Charlie and Willy

A quick apology for the lack of an article on Monday. I woke with a migraine, took my med and some painkillers before retreating to bed where I stayed until it was far too late to write.

This is going to be one of those long and involved posts, I hope you can bear with me. During the drive up to Sydney for Nullus Anxietas V Deb and I were discussing Charlie and the Chocolate Factory by Roald Dahl (this was apropos of the book I’d left in Melbourne to finish reading on my return). Deb’s personal opinion was that Johnny Depp’s performance in Charlie and the Chocolate Factory was far closer to her image of Willy Wonka from the book than Gene Wilder in the much earlier movie of Willy Wonka and the Chocolate Factory. She’s very irritating like that, says something and all of a sudden I feel a peculiarness that I must follow through and watch/read everything we’ve talked about…I blame Deb for the rest of this article.

So I finished my book called Pure Imagination about the making of the movie Willy Wonka and the Chocolate Factory. A totally fascinating look at how one goes about making a movie of this kind. My only complaint is the length, it wasn’t long enough and didn’t go into enough detail for me.

Pure Imagination by Mel Stuart with Josh Young
Pure Imagination by Mel Stuart with Josh Young

Having finished this book I then moved to the beginning of the chain and read the book Charlie and the Chocolate Factory. I was paying attention to Deb’s claims about Johnny Depp and Willy Wonka so I picked out a few bits and pieces. There’s one speech very early on Wonka which made me prick up my ears. It seems Wonka was a really nasty man, he exploited his workers, only paying them in cacao beans, he was derogatory about their native food, was the instigator in people smuggling, slavery and massaged the truth, I’d almost go so far as to say he could be a politician but I won’t.

There’s a lot of word play in the book. Apparently whipped cream is not whipped cream unless it’s been whipped with whips. This makes me think entirely of BDSM but I think Dahl was just playing with words, or rather, I hope he was just playing with words.

But there are some good parts to Wonka. In the boat he gives both Charlie and Grandpa Joe some molten chocolate from the river as they look starved to death and he makes Everlasting Gobstoppers for children who don’t get a lot of allowance, also the Chewing Gum is supposed to stop hunger as each piece is a whole meal in one go. What the Chewing Gum would do for the food industry is not mentioned but I suspect it would totally destroy it and make Wonka the richest man in the world.

 Charlie and the Chocolate Factory by Roald Dahl

Charlie and the Chocolate Factory by Roald Dahl

Finally, in the end Wonka realises Charlie is the only child left and we find out he specifically wants a child to indoctrinate him into the chocolate factory and teach him how everything works. Basically, he wants someone he can brainwash, children are so much easier to brainwash than adults.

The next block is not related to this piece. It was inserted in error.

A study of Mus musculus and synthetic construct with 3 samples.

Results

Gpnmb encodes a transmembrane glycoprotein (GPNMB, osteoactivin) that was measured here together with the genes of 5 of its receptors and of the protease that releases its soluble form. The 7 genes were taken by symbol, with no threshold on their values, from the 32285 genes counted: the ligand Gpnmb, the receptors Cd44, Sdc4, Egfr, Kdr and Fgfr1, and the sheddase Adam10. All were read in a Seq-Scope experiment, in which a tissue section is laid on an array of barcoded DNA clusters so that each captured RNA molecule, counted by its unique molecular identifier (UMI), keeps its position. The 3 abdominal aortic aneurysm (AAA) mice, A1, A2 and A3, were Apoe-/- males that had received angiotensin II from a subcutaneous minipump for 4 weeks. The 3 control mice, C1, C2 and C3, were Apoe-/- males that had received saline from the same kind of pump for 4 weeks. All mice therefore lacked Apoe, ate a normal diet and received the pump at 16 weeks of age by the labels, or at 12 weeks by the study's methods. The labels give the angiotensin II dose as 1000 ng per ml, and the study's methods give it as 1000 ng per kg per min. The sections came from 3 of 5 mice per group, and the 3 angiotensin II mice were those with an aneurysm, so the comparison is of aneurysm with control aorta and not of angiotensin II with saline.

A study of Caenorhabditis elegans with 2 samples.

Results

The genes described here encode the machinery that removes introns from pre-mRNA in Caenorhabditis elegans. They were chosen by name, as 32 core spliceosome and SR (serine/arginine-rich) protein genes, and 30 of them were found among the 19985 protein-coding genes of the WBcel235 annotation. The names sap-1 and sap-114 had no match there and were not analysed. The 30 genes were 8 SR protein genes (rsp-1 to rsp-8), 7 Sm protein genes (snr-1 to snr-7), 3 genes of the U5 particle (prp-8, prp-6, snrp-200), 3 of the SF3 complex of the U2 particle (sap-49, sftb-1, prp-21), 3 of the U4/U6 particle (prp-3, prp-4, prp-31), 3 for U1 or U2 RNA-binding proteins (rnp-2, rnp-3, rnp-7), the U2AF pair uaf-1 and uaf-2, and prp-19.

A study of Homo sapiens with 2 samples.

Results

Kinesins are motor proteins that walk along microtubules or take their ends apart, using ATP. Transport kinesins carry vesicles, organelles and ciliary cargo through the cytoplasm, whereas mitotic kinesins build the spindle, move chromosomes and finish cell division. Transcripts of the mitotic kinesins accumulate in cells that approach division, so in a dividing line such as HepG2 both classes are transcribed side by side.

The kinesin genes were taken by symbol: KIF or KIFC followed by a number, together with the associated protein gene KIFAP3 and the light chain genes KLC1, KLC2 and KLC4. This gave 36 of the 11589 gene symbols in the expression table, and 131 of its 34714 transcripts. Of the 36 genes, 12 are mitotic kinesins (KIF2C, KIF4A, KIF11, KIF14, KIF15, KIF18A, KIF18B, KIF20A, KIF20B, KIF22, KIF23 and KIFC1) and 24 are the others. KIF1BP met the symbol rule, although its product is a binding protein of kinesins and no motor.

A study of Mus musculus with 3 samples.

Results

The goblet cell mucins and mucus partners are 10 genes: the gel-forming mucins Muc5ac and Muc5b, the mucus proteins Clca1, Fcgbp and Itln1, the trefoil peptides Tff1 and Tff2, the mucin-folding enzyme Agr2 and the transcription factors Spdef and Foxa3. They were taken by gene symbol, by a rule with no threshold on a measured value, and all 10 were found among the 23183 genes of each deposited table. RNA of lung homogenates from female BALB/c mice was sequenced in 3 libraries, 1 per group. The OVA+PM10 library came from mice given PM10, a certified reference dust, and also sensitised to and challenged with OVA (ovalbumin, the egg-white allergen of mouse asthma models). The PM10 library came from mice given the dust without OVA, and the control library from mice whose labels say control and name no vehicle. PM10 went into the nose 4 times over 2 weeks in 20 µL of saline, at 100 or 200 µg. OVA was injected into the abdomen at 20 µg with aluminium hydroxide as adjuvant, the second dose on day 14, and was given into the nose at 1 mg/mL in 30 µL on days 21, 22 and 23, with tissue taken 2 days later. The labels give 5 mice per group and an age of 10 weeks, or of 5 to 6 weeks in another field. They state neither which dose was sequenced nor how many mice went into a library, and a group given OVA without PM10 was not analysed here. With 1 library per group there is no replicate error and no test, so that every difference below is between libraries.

After that I watched the first movie paying attention to things mentioned in Pure Imagination. Apparently the Oompa Loompas were given orange skin and green hair in order to fend off possible complaints of racism. In the remake all the Oompa Loompas were played by Deep Roy, his pay was increased as he played 1,000 people! But he wasn’t given the same colouring as in the original movie.

The first movie was great, I really enjoyed the songs and the sets, they went to a lot of trouble with them. I loved the way Gene Wilder first walked on as Willy Wonka and if you’ve seen the movie you’ll remember how he totters on with his cane, which then becomes stuck and he starts falling only to roll and jump up; I do like this. But looking at Wilder and his portrayal of Wonka I thought was not quite like the book, he wasn’t quite nasty and self-serving enough. Depp, on the other hand, I felt was much closer to Wonka from the book. I can’t quite quantify it but I do feel he did a better job.

Apparently after getting the part Depp actually sat down and read the book. He then kept insisting on adding bits and pieces from the book. It has more dialogue from the book than the original movie. I don’t think the remake would have been so popular in the 1970s, it was a product of its time.

Having said all of that I do love the original movie. It is from my childhood, it brought justice to some dreadful children and colour and light into my life.

A couple of links for those people who don’t have the book in their houses. It’s currently on the Premier’s Reading Challenge so I couldn’t find it in any library as every other child has it out on loan already! Here’s the cheapest copy of Charlie and the Chocolate Factory by Roald Dahl and not the one with the controversial cover. Here’s the DVD of Willy Wonka and the Chocolate Factory with Gene Wilder. And the DVD of Charlie and the Chocolate Factory with Johnny Depp. They are all good enough to read/watch many times so worth buying for the household.